When Democrat Doug Jones defeated conservative icon Roy Moore in a U.S. Senate election in Alabama last year, many took the win as a sign of a coming “blue wave” in the 2018 midterms.
But there’s growing evidence that the wave, if it does rise up, may not reach Alabama’s State House or most of its county seats – because few Democrats are seeking offices there.
With less than a week left until the end of the qualifying period, Democrats are seeking 11 of Alabama’s 35 state Senate seats and 39 of the 105 seats in the House, guaranteeing Republicans a continued majority in both houses if no more candidates qualify to run. Party leaders aren’t sure many more will.
“Everybody wants to run for Congress, but nobody wants to run for state House and Senate,” said Nancy Worley, chairwoman of the Alabama Democratic Party.
Qualifying for the 2018 election doesn’t end until Friday, and last-minute filers are common in both parties.
Still, The Republican list of qualifiers is nearly a mirror image of the Democrats, with candidates seeking all but 28 state House and seven state Senate seats. Most of the unchallenged seats are in districts that have historically gone to Democrats.
Democratic Party officials at the state level and locally say that despite a surge in interest in federal office, it’s still difficult to get people to run for the less-prominent races, from school board on up.
“I guess we’ll just have to ride out this storm,” said Johnny Roberts, chairman of the Cherokee County Democratic Party.
Cherokee County is home to state Rep. Richard Lindsey, D-Centre, one of the few white Democrats to squeak through the 2010 election that gave Republicans a supermajority in both houses. Lindsey plans to retire this year, and two Republicans are vying for his seat. As of last week, according to Roberts, only one Democrat, a school board candidate, had qualified to run for anything in Cherokee County.
This wasn’t what Democrats expected. When Jones won his U.S. Senate victory in December, observers chalked the win up to a number of factors. Moore, well-respected among religious conservatives, faced accusations of sexual misconduct. Frustration with President Donald Trump likely spurred many Democrats to action. Democrats brought a ground game, organizing phone banks and canvassing efforts that are rare in a state that has run reliably red for decades. Democrats talked about turning newly-energized campaign volunteers into candidates who could fill the party’s gaps at street level – people who could fill school boards, probate courts and county commissions.
“We’ve had great interest in the local Democratic executive committee, but not as much for other races,” said Sheila Gilbert, chairwoman of the Calhoun County Democratic Party.
In Calhoun County last week, only three Democrats had qualified. One was Rep. Barbara Boyd, longtime holder of an Anniston-area seat in the state House. David Reddick and Fred Wilson will vie for a Calhoun County Commission seat that also takes in much of Anniston.
Worley and Gilbert blame a Republican-drawn district map for packing black voters into a few districts, discouraging Democrats for seeking office elsewhere. But Worley acknowledged that there’s also a lack of local organization in some counties. County-level organizers have historically been the primary recruiter of local candidates.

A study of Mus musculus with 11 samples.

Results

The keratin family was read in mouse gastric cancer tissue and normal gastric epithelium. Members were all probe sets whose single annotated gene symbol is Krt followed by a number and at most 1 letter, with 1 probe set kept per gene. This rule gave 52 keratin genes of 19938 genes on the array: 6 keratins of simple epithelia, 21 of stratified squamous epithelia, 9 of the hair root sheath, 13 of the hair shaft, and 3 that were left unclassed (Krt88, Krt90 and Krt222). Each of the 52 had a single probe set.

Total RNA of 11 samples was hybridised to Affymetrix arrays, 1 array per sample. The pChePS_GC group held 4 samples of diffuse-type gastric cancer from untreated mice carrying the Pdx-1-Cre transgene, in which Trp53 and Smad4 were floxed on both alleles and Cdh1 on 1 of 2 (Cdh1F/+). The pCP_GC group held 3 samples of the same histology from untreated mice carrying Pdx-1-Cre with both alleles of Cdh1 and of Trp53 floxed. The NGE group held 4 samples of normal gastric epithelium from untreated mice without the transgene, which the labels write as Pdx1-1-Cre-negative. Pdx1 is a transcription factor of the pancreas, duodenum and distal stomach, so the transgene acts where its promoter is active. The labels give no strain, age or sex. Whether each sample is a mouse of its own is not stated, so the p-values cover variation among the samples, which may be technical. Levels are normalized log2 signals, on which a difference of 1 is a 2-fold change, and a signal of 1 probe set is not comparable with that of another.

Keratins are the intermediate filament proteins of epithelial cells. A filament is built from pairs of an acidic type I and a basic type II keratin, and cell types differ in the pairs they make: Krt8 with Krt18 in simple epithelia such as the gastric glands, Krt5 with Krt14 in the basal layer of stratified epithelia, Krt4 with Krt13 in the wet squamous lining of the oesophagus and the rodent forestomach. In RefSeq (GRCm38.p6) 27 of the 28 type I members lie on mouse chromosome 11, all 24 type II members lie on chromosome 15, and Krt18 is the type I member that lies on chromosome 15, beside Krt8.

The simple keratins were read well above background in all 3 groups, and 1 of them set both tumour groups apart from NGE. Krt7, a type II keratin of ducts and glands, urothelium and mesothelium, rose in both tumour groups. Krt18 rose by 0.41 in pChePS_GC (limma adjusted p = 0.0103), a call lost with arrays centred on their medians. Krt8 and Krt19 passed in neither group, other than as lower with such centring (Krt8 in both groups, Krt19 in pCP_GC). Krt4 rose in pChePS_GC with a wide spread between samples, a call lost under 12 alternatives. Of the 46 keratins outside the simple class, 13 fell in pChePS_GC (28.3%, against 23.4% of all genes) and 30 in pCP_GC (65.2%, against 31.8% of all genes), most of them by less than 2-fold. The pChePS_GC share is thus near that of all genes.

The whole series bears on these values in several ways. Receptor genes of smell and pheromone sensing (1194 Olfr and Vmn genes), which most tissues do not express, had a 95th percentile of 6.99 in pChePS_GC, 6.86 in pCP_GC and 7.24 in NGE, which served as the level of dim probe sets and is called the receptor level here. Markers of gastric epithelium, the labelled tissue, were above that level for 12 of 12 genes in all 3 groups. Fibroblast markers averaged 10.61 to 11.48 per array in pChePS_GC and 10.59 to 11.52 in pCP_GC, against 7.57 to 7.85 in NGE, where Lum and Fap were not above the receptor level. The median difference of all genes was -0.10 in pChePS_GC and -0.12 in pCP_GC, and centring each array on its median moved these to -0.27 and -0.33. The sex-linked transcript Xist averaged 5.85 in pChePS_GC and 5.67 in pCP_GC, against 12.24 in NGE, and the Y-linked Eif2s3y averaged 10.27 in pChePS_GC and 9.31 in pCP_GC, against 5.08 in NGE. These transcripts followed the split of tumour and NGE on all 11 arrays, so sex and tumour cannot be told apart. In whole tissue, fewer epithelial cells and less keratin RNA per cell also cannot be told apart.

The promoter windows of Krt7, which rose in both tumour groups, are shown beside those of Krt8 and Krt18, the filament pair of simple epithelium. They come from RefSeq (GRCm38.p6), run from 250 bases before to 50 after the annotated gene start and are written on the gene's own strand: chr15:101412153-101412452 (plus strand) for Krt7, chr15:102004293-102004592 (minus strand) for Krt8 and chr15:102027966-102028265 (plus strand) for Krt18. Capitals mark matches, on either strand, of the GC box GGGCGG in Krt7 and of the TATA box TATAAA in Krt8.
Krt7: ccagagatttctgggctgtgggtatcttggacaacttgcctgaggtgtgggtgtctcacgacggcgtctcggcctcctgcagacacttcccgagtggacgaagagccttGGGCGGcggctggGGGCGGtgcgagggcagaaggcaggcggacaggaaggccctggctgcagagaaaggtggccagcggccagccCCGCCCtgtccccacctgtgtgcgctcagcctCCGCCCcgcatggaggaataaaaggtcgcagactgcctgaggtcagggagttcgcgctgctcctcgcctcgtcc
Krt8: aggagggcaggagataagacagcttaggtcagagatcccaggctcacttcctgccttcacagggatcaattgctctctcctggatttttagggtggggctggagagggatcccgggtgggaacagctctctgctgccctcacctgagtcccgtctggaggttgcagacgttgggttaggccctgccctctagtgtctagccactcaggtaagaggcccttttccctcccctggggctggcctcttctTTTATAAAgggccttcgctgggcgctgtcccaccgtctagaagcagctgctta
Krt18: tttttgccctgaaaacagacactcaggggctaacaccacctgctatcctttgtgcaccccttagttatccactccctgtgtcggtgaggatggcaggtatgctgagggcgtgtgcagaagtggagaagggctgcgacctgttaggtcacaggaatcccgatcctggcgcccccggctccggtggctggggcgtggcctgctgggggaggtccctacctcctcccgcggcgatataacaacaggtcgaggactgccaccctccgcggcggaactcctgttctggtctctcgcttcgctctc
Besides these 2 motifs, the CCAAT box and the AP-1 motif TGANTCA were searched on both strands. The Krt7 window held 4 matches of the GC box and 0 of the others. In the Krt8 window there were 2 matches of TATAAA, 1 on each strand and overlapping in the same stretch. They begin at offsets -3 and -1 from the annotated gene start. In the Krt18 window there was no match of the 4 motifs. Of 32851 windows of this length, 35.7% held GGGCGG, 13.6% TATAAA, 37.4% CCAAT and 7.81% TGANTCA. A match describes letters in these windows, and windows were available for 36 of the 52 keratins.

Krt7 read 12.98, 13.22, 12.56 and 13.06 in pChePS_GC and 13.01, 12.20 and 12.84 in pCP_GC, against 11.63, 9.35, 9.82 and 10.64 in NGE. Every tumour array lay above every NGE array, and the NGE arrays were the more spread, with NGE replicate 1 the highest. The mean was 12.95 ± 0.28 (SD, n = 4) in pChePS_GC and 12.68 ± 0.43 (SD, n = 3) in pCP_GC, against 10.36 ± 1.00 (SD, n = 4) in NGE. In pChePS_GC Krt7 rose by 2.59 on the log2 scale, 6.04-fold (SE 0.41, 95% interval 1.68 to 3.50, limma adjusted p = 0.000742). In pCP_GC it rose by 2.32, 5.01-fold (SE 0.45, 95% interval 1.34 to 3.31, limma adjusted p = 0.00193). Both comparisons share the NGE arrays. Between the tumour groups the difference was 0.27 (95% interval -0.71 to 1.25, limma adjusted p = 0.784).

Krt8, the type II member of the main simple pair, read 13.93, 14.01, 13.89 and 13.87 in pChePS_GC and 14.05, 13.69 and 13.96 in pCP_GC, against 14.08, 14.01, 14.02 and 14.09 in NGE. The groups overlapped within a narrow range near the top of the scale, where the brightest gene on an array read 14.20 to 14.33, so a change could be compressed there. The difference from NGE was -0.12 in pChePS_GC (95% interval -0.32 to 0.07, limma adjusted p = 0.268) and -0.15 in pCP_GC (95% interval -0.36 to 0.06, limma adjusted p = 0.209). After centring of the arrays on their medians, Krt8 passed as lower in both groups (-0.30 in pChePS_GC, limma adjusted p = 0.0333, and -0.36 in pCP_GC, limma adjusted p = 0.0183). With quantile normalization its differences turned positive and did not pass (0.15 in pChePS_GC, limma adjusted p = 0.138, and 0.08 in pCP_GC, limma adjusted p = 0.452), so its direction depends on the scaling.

“There’s a difference between having a person named as chair and a true county structure,” Worley said. Some of the party’s problems, she said, trace back to the days when Democrats held every major office, and the party didn’t have to recruit.
There’s no shortage of Democrats willing to seek the state’s most high-profile offices. Former state Supreme Court chief justice Sue Bell Cobb, Tuscaloosa Mayor Walt Maddox and former state lawmaker James Fields are all seeking the Democratic nomination for governor.
All but one of the state’s U.S. House seats have a Democratic incumbent or challenger. The holdout is House District 3, the seat now held by U.S. Rep. Mike Rogers, R-Saks. Television news anchor Mallory Hagan announced a run for the 3rd District seat, as a Democrat, last week, but has yet to qualify; Worley said a District 3 candidate had qualifying paperwork in the mail as of Thursday.
Even for federal-level candidates, the leap from activist to candidate can be daunting. Vestavia Hills Democrat Danner Kline left a 9-to-5 job at a beer distributor this month to focus on his race for the District 6 seat held by U.S. Rep. Gary Palmer, R-Hoover. Now he spends several hours per day talking to potential campaign donors, then spends his evenings working telephone banks. He tried to juggle work and the campaign for a few months, and decided he wasn’t doing either as well as he’d like.
“I just had to make a decision about what I wanted to do with my life,” he said. “It’s not selling beer, it’s helping people.”
Kline decided to run long before Jones’ Senate victory.
“For me, it was more about the enthusiasm among Democrats in reaction to Donald Trump,” he said.
Kline said he didn’t know how many activists were inspired to become candidates as a result of the Jones campaign, though he said the campaign did provide him with two things he needed – a core of experienced volunteers and neighborhood-by-neighborhood data on potential voters.
Gadsden lawyer Kyle Pierce was a campaign coordinator for the Doug Jones campaign in Etowah County in December. So far, he’s the only candidate for the District 28 seat in the state House, now held by Rep. Craig Ford, D-Gadsden.
Pierce said the Jones campaign isn’t what turned him into a candidate. He met former Gov. Albert Brewer while still an undergraduate at the University of Alabama, a meeting that encouraged him to go to law school and aim for public office.
“Brewer challenged me to help people,” he said.